Unmarried men often grow into “dysfunctional” human beings and become “a problem” for society, Iain Duncan Smith has claimed.
Speaking at a fringe event at the Conservative Party conference in Manchester, the former Tory leader said that cohabiting couples have “inherently unstable” relationships in comparison to those who married.
He went on to claim men out of wedlock were “released to do all the things they wouldn’t normally do” such as committing crimes, drinking too much, taking drugs and fathering multiple children.
“Cohabitation is a very different relationship from marriage,” he said. “It is inherently unstable.”
He went on: “The answer I think is because cohabitation suits one of the partners more than the other. Almost invariably it suits the man, because they have to make good on their commitment and when that commitment is facing them they then withdraw.”
He said unmarried men were more likely to get into debt and commit crimes, adding: “What has been going on all these years is the men that have been absent from these families in many of these low income groups are now a problem.
“They are out, no longer having to bring something in for their family, so they can be released to do all the things they wouldn’t normally do and shouldn’t do, so levels of addiction, levels of high criminal activity, issues around dysfunctional behaviour, multiple parenting – all those things are as a result of the un-anchoring of the young man to a responsibility that keeps them stable and eventually makes them more happy.”
He said if men were not taught of the importance of marriage, they would develop what he called “low value for women” and seek out “the alternative on the internet”.
He said: “Out there, these boys particularly, when left without the concept of what [marriage/commitment] is about will find the alternative on the internet.
“And the alternative on the internet, now so readily available, is about abusive sex and low value for women. That is where they will go.
“That’s why, certainly at the bottom end of the income scale, there is such collapse of self-worth among young girls because they see themselves as objects because they are taught from the beginning that is the only way to get a man.”
The former Work and Pensions Secretary, who introduced Universal Credit, said there was a “family breakdown crisis” in Britain among lower income groups, but “middle class opinion” meant ministers were “scared stiff” of tackling it.
He cited research by the Centre for Social Justice, the think tank he founded and of which he is chairman, that found that teenagers from the poorest 20% of households were 65% more likely to experience family breakdown than teenagers in the top 20% of households.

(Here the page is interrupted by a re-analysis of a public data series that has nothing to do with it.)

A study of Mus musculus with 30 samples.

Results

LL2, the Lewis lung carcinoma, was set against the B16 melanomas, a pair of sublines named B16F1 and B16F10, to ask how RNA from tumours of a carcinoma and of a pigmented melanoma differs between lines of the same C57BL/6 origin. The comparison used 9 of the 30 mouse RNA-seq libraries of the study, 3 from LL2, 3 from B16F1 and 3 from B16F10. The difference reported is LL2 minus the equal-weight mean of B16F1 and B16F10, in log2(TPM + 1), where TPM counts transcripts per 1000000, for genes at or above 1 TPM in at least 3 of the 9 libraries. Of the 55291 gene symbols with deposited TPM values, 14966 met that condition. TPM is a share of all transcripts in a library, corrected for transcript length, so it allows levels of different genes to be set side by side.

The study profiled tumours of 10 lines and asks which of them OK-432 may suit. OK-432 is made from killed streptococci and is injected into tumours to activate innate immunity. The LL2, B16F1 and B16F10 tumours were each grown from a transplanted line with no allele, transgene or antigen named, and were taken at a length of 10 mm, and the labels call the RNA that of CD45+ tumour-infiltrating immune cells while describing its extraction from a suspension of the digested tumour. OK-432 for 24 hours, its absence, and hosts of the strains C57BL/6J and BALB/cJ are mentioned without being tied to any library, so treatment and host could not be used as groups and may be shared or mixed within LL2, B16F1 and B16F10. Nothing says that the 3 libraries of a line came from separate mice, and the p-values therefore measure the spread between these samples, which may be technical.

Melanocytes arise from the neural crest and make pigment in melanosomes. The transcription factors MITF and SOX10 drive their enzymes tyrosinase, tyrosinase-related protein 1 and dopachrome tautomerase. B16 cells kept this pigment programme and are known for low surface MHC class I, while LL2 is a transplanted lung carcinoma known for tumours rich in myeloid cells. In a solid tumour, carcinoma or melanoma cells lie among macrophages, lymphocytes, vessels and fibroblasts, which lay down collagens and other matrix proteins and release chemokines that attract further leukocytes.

He said one in five dependent children had no father figure at home, and added: “A child in Britain is more likely to experience family breakdown than anywhere else in the world, not the western world, the world.”
He compared marriage to buying into a golf club membership, which would see men sign up for “absurd things” and claimed the current system financially rewarded single people.
Duncan Smith said: “If something really matters to you in life, you commit to it. People join golf clubs and they sign up for the most absurd things that you have to do, wearing trousers, shoes, all sorts of things.
“They will sign up to all of that. They will sign contracts on housing, they will do financial contracts that they will sign and never question.
“On the most important relationship in our lives, the thing that will damage or make us, family formation, we let the middle class sit there and tell us this is a lifestyle choice, and we shouldn’t ever tell people that it matters that you make an absolute commitment such that it is written down on a piece of paper.
“Education is critical.”
He added: “We don’t ask for special privileges for marriage and stable families, we simply ask to get that pendulum back in the middle so that people who make a choice do not have to make a choice that is financially damaging rather than benefiting.
“The whole system is set up to reward those living by themselves and essentially penalise those who stay together, because they get more money.
“If you are on a very low income and the choice is between, basically, losing money or gaining money, ultimately you will choose the path of gaining money because that is how it works.”
The fringe event was the only one at the party conference discussing family breakdown, he said, before adding: “The truth is I sit in a building where people are scared stiff of this subject.”
Sir Paul Coleridge, chairman of the Marriage Foundation, also spoke at the event.
He said: “The problem is that there is a view out there, borne of ignorance I’m afraid, that all cohabiting relationships are of equal worth, of equal value, of equal stability. I’m afraid they are not.”
Marriage means a relationship three times more likely to last until a child is into their teenage years, he said.
“I think a very straightforward message from the government through the tax system, like recycling your rubbish or anything else, it is the message that you send to people; that one form of a committed relationship is more valuable and useful to society than another.”
He said men not in marriage were more likely to die earlier, experience health problems and get into debt.
He added: “It’s not a moral crusade, it is a public health campaign.”